With our modern lifestyles, we are all dependent on electricity, but most don’t feel qualified to take part in any electrical DIY - and rightly so! Understanding the causes of the most common electrical issues can ease the frustration we all feel when things don’t just ‘work’ and help make the decision of when to call on the services of a professional electrician.

Flickering lights

Pay attention to where and when the lights dim or flicker. Are others in your neighbourhood experiencing something similar at the same time? Then the problem is likely supply-based and therefore a job for the local energy supplier.

Is the flickering or dimming happening in your whole house or just in particular sections? Or just one particular light? This can narrow down whether the issue is coming from the electrical panel, an individual circuit, from wiring/switches to an individual light … or the light itself.

Also, take note of whether the flickering/dimming is happening in conjunction with the use of another appliance. For example, does it only happen when the air conditioner switches on? High-power appliances like air conditioning units can cause short drops in power to other appliances.

Never underestimate issues with electricity supply. Undiagnosed issues with supply, circuits or appliances pose a very real safety issue. While some causes of flickering lights may be harmless, it may also be a symptom that there is a serious problem that may lead to fire, electric shock or injury. Always have any electrical ‘symptoms’ checked out by a qualified electrician.

Light bulbs constantly blowing

Nothing is more irritating than a job that is never complete and living in a house where dead lightbulbs are an ongoing issue certainly fits this category. So what causes the problem and what can be done to fix it?

  1. Over voltage - this is a common cause of light bulbs regularly burning out and also affects the lifespan of electrical appliances. Even a five per cent increase in voltage can reduce the lifespan of a standard lightbulb by as much as fifty per cent. Modern electrical meters usually have a voltage reading display, offering a simple method of checking the voltage going to your house. With an older meter, it’s necessary to have an electrician take the readings for you. Readings will fluctuate depending on the time of day and time of year, but 230 - 245 volts is the normal range for a home.

  2. Overheating - traditional light bulbs produce heat energy as well as light. Although light fittings are theoretically designed to allow ventilation, heat build-up can still be the cause of bulbs blowing. Try looking around above the light in your roof and see if you can move insulation away from the light fitting to reduce the problem. Also switch the lightbulbs to modern, energy-saving varieties that run much cooler. For example, LED downlights such as M Elec use up to 85% less energy than incandescent lights.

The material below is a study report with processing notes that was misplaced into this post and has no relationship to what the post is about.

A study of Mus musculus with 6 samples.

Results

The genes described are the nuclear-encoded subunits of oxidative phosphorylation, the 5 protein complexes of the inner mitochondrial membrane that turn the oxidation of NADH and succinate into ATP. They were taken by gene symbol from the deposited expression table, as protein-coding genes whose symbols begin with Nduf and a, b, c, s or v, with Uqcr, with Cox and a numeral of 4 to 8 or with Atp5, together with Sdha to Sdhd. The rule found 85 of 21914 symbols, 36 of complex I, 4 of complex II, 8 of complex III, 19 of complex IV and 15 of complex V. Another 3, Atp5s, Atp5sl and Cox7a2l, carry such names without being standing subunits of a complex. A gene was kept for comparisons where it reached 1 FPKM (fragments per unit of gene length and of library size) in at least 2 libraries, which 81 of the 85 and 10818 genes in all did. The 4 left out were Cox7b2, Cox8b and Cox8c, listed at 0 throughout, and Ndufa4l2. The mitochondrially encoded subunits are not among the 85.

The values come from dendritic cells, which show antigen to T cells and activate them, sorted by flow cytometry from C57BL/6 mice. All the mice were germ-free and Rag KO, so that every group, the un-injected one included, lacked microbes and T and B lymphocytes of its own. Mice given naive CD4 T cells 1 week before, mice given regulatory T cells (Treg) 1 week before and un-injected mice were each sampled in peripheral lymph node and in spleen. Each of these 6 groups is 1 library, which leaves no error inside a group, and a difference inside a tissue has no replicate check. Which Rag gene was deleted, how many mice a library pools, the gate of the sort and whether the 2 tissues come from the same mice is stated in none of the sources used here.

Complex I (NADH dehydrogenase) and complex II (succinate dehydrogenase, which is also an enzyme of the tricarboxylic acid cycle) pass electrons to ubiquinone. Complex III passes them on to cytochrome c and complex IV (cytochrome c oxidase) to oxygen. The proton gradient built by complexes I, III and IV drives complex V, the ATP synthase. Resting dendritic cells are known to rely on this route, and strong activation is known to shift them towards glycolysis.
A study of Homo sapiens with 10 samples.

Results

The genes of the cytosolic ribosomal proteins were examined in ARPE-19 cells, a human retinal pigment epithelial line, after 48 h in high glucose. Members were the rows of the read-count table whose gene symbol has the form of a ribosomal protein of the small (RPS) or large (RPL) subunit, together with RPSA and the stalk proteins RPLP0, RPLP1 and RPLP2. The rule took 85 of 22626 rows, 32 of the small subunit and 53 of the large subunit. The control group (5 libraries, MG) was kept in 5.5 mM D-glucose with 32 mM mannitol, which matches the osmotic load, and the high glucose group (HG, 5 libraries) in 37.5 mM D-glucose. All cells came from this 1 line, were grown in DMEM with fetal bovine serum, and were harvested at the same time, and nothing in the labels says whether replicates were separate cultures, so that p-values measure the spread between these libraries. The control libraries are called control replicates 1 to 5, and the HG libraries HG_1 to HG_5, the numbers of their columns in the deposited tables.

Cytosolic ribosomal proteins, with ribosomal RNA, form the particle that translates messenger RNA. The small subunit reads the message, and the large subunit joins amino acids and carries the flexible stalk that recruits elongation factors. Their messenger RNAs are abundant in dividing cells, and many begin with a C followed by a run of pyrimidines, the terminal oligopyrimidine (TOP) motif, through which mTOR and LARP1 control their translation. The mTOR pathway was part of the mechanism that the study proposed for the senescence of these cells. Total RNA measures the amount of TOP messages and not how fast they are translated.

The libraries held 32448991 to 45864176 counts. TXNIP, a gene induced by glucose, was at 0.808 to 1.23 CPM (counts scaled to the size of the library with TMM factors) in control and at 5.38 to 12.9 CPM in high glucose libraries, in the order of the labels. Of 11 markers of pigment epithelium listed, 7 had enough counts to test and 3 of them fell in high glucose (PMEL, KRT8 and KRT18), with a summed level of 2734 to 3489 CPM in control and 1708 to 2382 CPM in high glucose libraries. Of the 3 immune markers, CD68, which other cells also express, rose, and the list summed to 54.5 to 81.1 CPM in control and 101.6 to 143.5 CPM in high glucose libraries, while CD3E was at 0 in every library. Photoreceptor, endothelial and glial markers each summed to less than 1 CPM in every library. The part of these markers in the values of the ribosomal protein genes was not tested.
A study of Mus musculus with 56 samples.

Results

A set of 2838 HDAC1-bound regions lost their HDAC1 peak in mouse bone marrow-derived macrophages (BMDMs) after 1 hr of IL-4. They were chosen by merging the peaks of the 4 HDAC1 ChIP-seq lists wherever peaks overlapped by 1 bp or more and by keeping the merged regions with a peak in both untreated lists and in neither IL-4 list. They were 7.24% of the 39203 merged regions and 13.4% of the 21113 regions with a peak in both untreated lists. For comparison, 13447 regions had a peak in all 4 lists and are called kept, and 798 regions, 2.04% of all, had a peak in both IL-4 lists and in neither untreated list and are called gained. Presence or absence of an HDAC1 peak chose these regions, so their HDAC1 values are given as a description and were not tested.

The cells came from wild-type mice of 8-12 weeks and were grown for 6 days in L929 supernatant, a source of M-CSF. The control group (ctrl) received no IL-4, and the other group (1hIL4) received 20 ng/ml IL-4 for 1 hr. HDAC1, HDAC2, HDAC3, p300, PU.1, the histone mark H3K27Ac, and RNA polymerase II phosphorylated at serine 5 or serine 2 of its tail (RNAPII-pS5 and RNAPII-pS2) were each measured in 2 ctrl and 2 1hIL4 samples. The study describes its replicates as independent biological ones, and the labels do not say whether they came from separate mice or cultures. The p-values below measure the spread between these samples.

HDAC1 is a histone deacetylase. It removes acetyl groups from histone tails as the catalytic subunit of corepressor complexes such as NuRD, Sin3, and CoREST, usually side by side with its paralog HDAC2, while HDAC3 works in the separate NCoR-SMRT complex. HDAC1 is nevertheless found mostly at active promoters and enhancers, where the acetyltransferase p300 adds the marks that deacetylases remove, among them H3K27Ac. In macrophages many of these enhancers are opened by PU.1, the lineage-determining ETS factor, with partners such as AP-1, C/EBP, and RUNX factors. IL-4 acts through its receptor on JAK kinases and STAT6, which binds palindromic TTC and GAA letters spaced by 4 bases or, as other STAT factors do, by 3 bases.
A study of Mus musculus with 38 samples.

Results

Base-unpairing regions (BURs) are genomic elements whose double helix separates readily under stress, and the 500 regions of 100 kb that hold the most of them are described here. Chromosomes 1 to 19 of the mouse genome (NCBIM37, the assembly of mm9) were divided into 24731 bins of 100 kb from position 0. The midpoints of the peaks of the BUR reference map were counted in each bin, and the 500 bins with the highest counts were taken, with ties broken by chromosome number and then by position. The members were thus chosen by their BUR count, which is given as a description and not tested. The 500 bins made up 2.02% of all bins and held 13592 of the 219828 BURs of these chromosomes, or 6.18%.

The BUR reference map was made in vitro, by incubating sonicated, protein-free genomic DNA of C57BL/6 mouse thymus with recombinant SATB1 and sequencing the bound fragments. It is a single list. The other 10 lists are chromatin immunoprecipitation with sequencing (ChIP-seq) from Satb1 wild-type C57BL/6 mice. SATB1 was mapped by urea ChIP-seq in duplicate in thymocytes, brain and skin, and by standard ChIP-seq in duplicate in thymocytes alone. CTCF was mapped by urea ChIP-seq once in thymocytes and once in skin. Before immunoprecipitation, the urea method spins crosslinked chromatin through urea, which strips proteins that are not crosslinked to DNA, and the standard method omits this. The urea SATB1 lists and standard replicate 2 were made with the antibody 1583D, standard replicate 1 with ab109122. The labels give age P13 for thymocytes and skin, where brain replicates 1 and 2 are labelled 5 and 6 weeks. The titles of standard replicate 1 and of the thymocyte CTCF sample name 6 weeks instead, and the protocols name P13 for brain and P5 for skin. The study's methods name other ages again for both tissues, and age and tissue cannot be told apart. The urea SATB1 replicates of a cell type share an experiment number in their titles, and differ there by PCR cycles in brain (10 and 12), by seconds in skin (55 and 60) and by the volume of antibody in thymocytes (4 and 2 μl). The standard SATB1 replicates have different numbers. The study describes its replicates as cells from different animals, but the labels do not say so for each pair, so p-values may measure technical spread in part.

3. Vibration - if you are still using incandescent light bulbs consider if your house is near railway lines, high-volume roads, under flight paths or near work being carried out by heavy machinery. The filaments in these light bulbs are delicate and vibration can cause them to break. Modern LED light bulbs don’t use a filament so are not susceptible to vibration.

Unusually high electricity bills

If your electricity bills are consistently higher than for the average size of your household, it might not be the kids not switching things off, it could be a symptom of electrical faults in your home. For example:

  • outdated appliances could be consuming more power than necessary or creating power surges. When deciding if you can afford to replace your whitegoods it’s worth comparing what it will cost to run your current appliance over the next five years rather than just considering the price of the new appliance. New whitegoods are significantly more efficient than older appliances and, in some cases, it can be more efficient long term to replace an appliance now instead of paying higher running costs on old appliances.

    Likewise with out-dated air conditioning systems. As an example, products like the Daikin US7 wall mount split system have a 7-star energy rating, which can save you more over the life of the system.

  • Leaks in the hot water system create a continual drain on power that drives up electricity bills, so getting any leaky plumbing repaired can help improve your electricity bill.

Other ways to actively reduce your electricity consumption and make your home more energy efficient include:

  • Slightly adjust the temperature on appliances like heaters, air conditioners and refrigerators - there is generally an optimal range to run these appliances, not an exact temperature. By adjusting your refrigerator, freezer and air con up by a degree or two within the recommended range and your heating down a notch in winter you can still live in comfort and make real changes to your bill.

  • Close doors and curtains to keep either warm air in or hot air out, depending on the season.

  • Switch off appliances at the wall when not in use - appliances left plugged in create a constant low drain on the power, particularly those that run clocks or other LED displays 24/7.

  • Consider installing solar panels with high efficiency such as the Q.PEAK DUO-G6+ 350 to your home. Solar energy technology is becoming increasingly cost-efficient and is proving to be a good investment in the value of your home.